Chapter XLVII.—Death of Maximin, 3147 who had attempted a Conspiracy, and of Others whom Constantine detected by Divine Revelation.
While he was thus engaged, the second of those who had resigned the throne, being detected in a treasonable conspiracy, suffered a most ignominious death. He was the first whose pictures, statues, and all similar marks of honor and distinction were everywhere destroyed, on the ground of his crimes and impiety. After him others also of the same family were discovered in the act of forming secret plots against the emperor; all their intentions being miraculously revealed by God through visions to His servant.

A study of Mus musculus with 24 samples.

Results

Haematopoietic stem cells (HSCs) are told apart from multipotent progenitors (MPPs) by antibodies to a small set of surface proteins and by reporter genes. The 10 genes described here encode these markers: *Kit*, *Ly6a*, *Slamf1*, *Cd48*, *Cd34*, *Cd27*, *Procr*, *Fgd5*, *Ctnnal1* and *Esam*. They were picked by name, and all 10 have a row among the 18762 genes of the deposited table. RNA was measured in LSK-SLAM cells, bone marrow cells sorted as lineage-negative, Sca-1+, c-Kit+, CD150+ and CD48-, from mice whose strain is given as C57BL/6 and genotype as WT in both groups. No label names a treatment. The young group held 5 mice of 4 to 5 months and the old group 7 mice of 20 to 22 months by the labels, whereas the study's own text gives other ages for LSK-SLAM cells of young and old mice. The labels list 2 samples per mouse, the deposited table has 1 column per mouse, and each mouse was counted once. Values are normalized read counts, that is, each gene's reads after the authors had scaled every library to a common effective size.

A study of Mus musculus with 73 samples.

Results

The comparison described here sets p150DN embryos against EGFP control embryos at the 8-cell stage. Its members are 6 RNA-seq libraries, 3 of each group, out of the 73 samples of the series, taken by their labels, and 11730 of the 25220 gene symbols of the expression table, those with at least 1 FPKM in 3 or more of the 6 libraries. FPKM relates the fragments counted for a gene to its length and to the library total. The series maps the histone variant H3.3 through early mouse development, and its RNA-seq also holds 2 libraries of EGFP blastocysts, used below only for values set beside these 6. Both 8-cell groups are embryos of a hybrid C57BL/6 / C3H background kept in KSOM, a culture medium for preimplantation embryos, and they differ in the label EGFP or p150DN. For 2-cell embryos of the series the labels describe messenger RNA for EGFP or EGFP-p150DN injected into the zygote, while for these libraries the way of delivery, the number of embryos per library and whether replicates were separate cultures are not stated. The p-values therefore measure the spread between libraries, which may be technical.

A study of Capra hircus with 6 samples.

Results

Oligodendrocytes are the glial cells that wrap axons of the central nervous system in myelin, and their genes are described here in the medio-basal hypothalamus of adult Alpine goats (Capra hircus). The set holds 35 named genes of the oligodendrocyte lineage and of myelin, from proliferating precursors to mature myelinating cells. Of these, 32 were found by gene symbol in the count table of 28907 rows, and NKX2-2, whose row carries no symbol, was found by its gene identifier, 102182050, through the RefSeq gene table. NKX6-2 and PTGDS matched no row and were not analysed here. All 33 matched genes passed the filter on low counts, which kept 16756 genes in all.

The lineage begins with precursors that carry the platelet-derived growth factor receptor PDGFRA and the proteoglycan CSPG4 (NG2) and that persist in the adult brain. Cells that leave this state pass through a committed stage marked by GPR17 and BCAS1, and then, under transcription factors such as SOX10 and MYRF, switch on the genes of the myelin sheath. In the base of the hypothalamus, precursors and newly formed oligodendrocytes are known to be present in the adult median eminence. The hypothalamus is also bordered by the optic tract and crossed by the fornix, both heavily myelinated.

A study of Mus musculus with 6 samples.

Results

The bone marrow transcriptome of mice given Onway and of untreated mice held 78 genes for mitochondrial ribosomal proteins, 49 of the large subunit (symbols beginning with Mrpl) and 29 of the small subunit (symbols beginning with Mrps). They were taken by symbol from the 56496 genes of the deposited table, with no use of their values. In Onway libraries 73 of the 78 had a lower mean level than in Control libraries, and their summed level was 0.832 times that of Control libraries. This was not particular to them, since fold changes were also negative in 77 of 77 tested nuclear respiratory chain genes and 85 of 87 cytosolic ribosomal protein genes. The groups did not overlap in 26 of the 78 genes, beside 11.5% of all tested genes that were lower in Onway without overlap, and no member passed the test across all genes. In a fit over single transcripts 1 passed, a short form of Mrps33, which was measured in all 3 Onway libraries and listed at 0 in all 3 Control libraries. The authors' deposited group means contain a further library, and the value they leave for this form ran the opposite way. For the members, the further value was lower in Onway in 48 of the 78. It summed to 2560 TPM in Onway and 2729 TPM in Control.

For he frequently vouchsafed to him manifestations of himself, the Divine presence appearing to him in a most marvelous manner, and according to him manifold intimations of future events. Indeed, it is impossible to express in words the indescribable wonders of Divine grace which God was pleased to vouchsafe to His servant. Surrounded by these, he passed the rest of his life in security, rejoicing in the affection of his subjects, rejoicing too because he saw all beneath his government leading contented lives; but above all delighted at the flourishing condition of the churches of God.
There is long discussion of whether Maximian or Maximin is intended. To any one who compares the order of narration in the Church History, 9. 9, 11, the discussion will seem idle, though it is curious that the one most jealous and greedy of power should have been mistaken for one of the abdicators. It seems as if there had been some confusion in the mind of Eusebius himself.